How Kintsugi Is Making Its Way Into The World Of Fashion

Japan is home to many traditional art forms that have served as an inspiration for contemporary artists around the world. Among them is kintsugi, the Japanese art of painstakingly gluing broken ceramics together with lacquer and gold pigment. The finished work, with highlighted cracks on full display, gives the once-broken artwork a completely new look. One of the most admired ancient art forms, kintsugi is built on the idea that just because something has defects does not mean it's beyond repair — and you are capable of turning your mess into a message.

Due to its profound philosophical meaning, kintsugi is often sought out as a form of compassionate healing therapy that helps people embrace their failures instead of hiding them. In fashion, this centuries-old technique is gradually gaining a strong foothold, even though what kintsugi stands for is quite the opposite of what fashion looks like nowadays. Sustainability is the core of kintsugi, where nothing goes to waste. While in fast fashion, clothes returned due to defects are usually incinerated or end up in landfills. Fashion jewelry is also getting a bad rap for contributing immensely to toxic waste. For years, the fashion industry has been searching for ways to make sustainable fashion more convincing. And kintsugi just happens to be the perfect sweet spot. Here's why.

Kintsugi in jewelry

The kintsugi repair ritual is being increasingly used to repurpose defective gems into lasting lacquerware. For this process, a skilled lacquer expert would deftly treat the fissure's surfaces with a coating, link the parts together, and then leave the pieced-together gem to set. Final coatings of urushi lacquer can take up to 14 days to dry and require a steady environment with 60% to 80% humidity levels and temperatures between 20 and 25°C for them to fully set. After sanding the lacquer down, gold dust is applied over the lacquered cracks.

Kintsugi in patchwork fashion

When it comes to sartorial designs and aesthetics, the kintsugi technique calls to mind modern patchwork clothing or quiltcore. A traditionally economical technique, patchwork might be used to dramatically reimagine and upcycle clothing, giving it a high-fashion handmade, eclectic vibe, as evidenced in Perry Ellis's 1993 collection by Marc Jacob or Vivienne Westwood's London Fall 2006 collection. Like kintsugi, patchwork also promotes sustainability. The quantity of textile waste all over the world would be greatly reduced if fashion companies incorporated patches into new items made from the leftovers of their collections.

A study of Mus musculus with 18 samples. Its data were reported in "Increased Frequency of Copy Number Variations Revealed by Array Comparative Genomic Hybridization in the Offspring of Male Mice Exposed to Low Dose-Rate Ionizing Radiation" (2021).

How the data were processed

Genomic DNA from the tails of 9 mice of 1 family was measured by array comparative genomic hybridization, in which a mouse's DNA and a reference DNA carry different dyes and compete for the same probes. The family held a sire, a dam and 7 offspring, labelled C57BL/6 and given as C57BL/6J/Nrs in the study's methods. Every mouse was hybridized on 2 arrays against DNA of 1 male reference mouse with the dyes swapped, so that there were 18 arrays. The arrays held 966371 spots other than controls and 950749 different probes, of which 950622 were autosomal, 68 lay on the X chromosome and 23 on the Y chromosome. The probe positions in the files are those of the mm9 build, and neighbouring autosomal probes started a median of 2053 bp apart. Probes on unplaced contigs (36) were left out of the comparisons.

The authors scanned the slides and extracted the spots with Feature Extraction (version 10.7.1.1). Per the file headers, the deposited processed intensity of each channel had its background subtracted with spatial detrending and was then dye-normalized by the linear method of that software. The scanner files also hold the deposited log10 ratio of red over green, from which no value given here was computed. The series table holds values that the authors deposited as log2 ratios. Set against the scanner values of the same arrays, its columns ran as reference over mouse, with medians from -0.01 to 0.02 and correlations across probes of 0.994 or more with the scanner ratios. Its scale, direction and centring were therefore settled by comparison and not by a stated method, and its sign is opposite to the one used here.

Kintsugi inspires inclusive fashion

For the differently abled community in the U.K, kintsugi is a beacon of fashion inclusivity and emphasis on the uniqueness of individual needs. Inspired by the tenets of kintsugi, British journalist Emma McClelland founded the clothing brand Kintsugi Clothing. The goal is to make it easier for individuals of all ages, sizes, and disabilities to find strategically designed clothing with discreet openings to make getting dressed quick and stylish. Functionality aside, you'll also find many garments with golden lining prints — a nod to the iconic kintsugi cracks.

Kintsugi for mending garments

If you have small holes in your garments, you can fix them using the kintsugi technique, such as patching them with gold thread. The tools used for this task include gold embroidery threads, sewing needles, scissors, and wooden darning mushroom. Do a small series of running stitches circling the hole and keep spinning the mushroom as you go. After completing the circle, do a blanket stitch around it. To make it more secure, go under and make one last stitch at the back. There it is: a little sun-shaped decoration on your revived outfit.

Kintsugi spruces up old jeans

If you're looking for a way to breathe new life into your old jeans, give them a kintsugi treatment. You can use gold threads to embroider some artistic touches to the front and back of your jeans or do some embellishments on the side seams. If stitching is not your strength, you can draw over your jeans with acrylic paint using a thin paint brush. The kintsugi pattern can be as simple as a zigzag crack or something more intricate like a tree branch with tiny flowers sticking out from them.

Kintsugi in shoes

Kintsugi is also a great way to add some highlight to your shoes. You can buy ready-made kintsugi-inspired shoes, or you can create your own version. If your sneaker has a deep scratch or crack, fill it in with a cream polish in a gold color or a gold glue and dust on some gold powder to seal the look. If not, you can still decorate them with the kintsugi patterns by spray painting them or brushing a nice, solid lacquer over the seam lines and finishing off with a layer of gold dust.